China’s anti-ship missiles including the DF-26 pose a new challenge for the US in the South China Sea. Photo: Weibo China’s anti-ship missiles including the DF-26 pose a new challenge for the US in the South China Sea. Photo: Weibo
China’s anti-ship missiles including the DF-26 pose a new challenge for the US in the South China Sea. Photo: Weibo
Ankit Panda
Opinion

Opinion

Ankit Panda

How Chinese missile tests could up the stakes for the US in the South China Sea

  • Last month’s tests of anti-ship missiles near the disputed Spratly Islands send a clear message to Washington about the risks of future engagement, writes Ankit Panda
  • US planners have long worried about the risks of intervening in support of Taiwan and the Philippines, and the use of these weapons may cancel out its advantages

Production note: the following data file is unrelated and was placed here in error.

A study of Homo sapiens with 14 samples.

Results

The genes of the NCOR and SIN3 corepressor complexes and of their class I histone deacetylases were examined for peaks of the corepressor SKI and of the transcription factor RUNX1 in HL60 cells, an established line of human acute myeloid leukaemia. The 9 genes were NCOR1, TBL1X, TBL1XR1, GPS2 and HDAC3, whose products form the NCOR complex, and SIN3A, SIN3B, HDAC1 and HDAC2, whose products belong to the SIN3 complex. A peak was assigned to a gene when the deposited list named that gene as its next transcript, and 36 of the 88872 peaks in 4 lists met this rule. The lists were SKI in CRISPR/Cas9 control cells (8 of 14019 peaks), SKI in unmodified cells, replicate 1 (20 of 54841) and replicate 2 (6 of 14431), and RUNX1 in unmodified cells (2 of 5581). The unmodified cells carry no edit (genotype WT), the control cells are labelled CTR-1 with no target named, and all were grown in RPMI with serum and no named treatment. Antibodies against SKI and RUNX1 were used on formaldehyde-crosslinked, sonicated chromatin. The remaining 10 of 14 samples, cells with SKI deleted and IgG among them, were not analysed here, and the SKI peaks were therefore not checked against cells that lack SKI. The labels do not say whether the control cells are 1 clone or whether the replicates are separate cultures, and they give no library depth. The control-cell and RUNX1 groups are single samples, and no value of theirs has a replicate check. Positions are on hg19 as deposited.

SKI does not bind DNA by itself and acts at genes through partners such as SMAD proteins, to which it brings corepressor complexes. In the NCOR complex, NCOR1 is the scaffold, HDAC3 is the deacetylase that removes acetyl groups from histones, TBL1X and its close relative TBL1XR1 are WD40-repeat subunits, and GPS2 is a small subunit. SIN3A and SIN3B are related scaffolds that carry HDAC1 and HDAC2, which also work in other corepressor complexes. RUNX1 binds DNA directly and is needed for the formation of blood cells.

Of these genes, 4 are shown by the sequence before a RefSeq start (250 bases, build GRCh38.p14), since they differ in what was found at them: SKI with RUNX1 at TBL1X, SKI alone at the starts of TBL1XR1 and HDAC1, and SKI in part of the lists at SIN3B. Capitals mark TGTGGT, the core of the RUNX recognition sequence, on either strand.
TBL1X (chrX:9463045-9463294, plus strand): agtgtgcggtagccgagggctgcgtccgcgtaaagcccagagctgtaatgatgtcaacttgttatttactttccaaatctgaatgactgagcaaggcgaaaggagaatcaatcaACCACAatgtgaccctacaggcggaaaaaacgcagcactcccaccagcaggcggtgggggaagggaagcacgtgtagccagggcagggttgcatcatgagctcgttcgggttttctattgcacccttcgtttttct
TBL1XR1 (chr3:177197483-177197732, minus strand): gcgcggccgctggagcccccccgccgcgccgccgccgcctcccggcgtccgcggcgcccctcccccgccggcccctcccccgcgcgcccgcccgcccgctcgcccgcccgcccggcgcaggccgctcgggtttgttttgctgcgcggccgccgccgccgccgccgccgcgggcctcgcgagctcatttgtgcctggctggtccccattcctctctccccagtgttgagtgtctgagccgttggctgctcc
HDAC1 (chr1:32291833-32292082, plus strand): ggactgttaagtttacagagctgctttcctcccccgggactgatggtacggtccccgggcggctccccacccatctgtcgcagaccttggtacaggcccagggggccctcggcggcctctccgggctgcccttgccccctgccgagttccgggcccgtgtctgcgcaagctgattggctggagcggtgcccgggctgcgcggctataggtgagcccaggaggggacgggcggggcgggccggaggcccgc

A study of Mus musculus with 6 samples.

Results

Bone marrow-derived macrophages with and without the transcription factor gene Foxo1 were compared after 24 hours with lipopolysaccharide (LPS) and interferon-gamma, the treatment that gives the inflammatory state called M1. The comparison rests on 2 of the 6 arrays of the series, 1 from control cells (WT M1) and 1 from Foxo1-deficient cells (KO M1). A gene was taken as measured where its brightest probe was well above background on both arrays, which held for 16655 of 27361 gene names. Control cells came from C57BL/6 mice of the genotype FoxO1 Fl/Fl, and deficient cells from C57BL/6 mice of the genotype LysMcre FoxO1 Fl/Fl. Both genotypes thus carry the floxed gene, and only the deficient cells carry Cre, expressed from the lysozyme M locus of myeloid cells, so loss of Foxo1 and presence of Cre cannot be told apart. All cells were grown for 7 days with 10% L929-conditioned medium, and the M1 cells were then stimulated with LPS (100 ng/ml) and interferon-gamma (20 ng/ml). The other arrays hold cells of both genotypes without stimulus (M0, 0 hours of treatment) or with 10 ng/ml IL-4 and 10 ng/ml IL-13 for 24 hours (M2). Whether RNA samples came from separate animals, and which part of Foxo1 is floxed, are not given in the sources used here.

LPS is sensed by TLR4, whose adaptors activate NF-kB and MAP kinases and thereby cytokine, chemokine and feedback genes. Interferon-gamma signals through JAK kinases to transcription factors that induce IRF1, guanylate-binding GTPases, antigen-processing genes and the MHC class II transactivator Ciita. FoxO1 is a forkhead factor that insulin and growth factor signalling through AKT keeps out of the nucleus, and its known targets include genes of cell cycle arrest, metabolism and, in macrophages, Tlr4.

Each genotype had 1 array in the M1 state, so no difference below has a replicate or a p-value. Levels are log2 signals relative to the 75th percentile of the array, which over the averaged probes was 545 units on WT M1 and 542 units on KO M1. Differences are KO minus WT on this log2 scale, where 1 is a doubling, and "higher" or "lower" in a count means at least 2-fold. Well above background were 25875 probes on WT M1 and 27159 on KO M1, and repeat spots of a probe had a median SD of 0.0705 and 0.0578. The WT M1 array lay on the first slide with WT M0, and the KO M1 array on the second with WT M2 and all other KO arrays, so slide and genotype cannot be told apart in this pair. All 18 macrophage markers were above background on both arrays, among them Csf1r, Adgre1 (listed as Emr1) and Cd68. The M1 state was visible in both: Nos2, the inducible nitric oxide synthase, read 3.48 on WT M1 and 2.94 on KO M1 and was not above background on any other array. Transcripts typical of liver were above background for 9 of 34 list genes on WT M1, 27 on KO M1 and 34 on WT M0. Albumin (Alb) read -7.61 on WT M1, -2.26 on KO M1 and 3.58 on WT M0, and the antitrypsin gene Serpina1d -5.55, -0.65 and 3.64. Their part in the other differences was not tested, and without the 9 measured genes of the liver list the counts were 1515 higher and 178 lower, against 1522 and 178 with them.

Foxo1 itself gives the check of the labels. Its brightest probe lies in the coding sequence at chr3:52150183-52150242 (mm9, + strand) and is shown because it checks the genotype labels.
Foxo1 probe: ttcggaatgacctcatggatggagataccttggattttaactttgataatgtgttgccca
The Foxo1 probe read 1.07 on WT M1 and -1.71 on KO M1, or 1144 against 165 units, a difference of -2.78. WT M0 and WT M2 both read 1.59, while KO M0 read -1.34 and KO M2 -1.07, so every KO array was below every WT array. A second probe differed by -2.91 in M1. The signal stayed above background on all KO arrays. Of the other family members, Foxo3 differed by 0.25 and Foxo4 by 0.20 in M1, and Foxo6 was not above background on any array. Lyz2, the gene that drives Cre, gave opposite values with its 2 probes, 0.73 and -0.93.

China’s anti-ship missiles including the DF-26 pose a new challenge for the US in the South China Sea. Photo: Weibo China’s anti-ship missiles including the DF-26 pose a new challenge for the US in the South China Sea. Photo: Weibo
China’s anti-ship missiles including the DF-26 pose a new challenge for the US in the South China Sea. Photo: Weibo

Ankit Panda

Ankit Panda is an Adjunct Senior Fellow in the Defense Posture Project at the Federation of American Scientists, a Senior Editor at The Diplomat, an online magazine on Asia-Pacific affairs, and a Contributing Editor at War on the Rocks. Panda is an award-winning writer and a frequently cited analyst on geopolitical and security issues in the Asia-Pacific. His writing has appeared in The Diplomat, The Atlantic, The Daily Beast, Politico Magazine, and War on the Rocks, among other publications.